Many of you reading this will have enjoyed the last few weeks watching people throw themselves off mountains on sticks or around slopes of sheet ice on tea trays. You may have even religiously tuned into watch people clean the ice in front of a casserole dish. I will admit that the recent winter games passed me by, apart from the furore around
’s anti-gay laws.
Sponsorship of any Olympic event is big money and comes with heavy policing. It is a high cost, high stakes business, undertaken by only the biggest global brands with the deepest pockets. They often have the most to loose and so the delicate issue of equality is a headache those brands do not need.
In response to the media and social backlash, IOC sponsors like Visa, Procter & Gamble, Samsung, Coca Cola and McDonalds released nice statements about the inclusiveness of the games without directly condemning the Russian stance.
Other brands that had no link to the games however went to town. We had Google’s logo changing on the opening day to include images of the games with the rainbow flag. Channel 4’s “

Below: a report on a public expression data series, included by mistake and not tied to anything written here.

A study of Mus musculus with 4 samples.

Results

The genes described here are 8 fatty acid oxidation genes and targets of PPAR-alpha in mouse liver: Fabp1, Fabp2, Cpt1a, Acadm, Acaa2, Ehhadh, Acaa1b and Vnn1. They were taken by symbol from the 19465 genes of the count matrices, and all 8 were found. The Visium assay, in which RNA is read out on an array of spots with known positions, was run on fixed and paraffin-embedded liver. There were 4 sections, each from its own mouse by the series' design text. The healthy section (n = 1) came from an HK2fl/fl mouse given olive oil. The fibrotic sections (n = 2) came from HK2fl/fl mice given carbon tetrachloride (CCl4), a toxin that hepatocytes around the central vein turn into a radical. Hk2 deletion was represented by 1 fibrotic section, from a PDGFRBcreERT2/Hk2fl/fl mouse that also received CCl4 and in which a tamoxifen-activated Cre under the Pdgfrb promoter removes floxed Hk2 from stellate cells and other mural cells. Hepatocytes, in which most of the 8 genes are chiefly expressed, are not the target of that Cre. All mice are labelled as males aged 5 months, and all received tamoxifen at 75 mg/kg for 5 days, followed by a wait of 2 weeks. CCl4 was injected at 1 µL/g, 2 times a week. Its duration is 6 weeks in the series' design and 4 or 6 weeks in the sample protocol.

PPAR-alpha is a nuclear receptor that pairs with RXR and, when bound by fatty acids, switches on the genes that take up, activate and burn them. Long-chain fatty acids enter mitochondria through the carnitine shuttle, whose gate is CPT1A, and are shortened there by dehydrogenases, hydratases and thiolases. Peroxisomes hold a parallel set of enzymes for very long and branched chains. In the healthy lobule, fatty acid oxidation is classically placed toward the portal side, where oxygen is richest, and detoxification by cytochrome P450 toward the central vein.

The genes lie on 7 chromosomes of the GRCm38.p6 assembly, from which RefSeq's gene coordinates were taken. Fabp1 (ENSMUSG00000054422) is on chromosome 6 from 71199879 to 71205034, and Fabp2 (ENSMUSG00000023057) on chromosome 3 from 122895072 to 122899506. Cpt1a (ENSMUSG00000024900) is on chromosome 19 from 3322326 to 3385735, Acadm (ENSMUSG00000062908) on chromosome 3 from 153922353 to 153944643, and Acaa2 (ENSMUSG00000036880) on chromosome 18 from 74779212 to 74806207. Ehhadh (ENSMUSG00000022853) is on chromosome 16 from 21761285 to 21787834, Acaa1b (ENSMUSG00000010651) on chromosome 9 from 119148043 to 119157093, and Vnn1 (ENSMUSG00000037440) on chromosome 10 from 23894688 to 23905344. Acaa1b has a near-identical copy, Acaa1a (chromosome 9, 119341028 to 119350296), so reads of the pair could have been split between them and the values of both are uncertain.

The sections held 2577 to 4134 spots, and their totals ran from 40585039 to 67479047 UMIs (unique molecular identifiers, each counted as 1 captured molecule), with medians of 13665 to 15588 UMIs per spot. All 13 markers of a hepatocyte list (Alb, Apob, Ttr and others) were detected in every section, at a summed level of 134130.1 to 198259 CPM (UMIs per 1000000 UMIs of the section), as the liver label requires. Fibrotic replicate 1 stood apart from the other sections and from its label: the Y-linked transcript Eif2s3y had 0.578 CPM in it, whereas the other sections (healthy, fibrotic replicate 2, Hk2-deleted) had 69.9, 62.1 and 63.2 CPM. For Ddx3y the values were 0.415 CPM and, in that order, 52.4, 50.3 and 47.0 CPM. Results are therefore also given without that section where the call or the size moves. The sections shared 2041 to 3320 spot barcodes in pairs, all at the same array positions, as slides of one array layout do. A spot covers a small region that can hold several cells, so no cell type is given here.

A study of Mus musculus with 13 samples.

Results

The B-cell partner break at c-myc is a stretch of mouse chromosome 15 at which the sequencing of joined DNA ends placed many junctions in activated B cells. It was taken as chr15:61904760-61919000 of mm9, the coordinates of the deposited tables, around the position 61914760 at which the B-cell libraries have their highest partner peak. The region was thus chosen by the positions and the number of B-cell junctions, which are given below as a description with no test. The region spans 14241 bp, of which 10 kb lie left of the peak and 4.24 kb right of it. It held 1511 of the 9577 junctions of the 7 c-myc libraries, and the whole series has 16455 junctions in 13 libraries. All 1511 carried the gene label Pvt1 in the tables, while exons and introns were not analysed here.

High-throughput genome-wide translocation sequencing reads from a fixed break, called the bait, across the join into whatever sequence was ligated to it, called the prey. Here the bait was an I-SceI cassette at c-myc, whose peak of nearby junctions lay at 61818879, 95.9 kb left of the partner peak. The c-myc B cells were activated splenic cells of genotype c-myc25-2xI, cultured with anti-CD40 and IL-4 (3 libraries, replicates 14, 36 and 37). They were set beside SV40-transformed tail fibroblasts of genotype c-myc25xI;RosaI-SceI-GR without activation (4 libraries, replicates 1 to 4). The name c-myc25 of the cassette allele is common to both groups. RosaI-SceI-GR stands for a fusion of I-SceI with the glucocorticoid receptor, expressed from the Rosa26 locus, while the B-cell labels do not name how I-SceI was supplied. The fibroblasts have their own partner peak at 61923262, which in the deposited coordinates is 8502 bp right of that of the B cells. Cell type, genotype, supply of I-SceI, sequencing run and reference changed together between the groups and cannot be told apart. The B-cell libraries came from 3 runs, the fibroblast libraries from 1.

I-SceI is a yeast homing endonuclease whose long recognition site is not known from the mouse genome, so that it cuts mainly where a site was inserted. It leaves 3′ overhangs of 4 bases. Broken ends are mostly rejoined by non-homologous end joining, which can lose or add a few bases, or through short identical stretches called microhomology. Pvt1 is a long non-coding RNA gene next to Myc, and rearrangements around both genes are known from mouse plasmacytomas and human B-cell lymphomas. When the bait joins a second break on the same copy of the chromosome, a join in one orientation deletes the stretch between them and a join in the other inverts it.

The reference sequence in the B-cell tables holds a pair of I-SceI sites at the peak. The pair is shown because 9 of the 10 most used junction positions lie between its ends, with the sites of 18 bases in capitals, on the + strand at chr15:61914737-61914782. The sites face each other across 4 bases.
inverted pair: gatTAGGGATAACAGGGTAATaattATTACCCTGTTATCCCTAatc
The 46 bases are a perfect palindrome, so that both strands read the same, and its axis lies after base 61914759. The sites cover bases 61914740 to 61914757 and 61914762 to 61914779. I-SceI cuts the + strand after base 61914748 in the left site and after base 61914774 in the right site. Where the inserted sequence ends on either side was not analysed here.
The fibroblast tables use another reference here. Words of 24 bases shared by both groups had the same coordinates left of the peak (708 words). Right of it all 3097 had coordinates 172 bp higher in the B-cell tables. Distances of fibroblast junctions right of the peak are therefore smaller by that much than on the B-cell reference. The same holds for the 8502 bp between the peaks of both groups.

” ad and Chevrolet’s first same
sex couple ad were other examples of brands wanting to demonstrate their own
values. Gay Mountain
You have to feel sorry for the sponsor brands as they sponsor the games, not the host nation’s political or social beliefs. But that does not stop the pressure. Closer to home, we have seen examples of brands prepared to take a strong stand over things that they truly believe in. Zoopla’s dropping its sponsorship of
Brom over the Anelka quenelle issue for example. To me that
demonstrates a business that truly stands by its values and fair play to them.
There are no winners or losers here. The lesson may be simply that all brands need to be satisfied that they are prepared to stand by their own values. Especially if their activities in some way mean they could be accused of being compromised. Or at least make sure you have a plan of how to approach any backlash. Planning will prevent pain in the long run.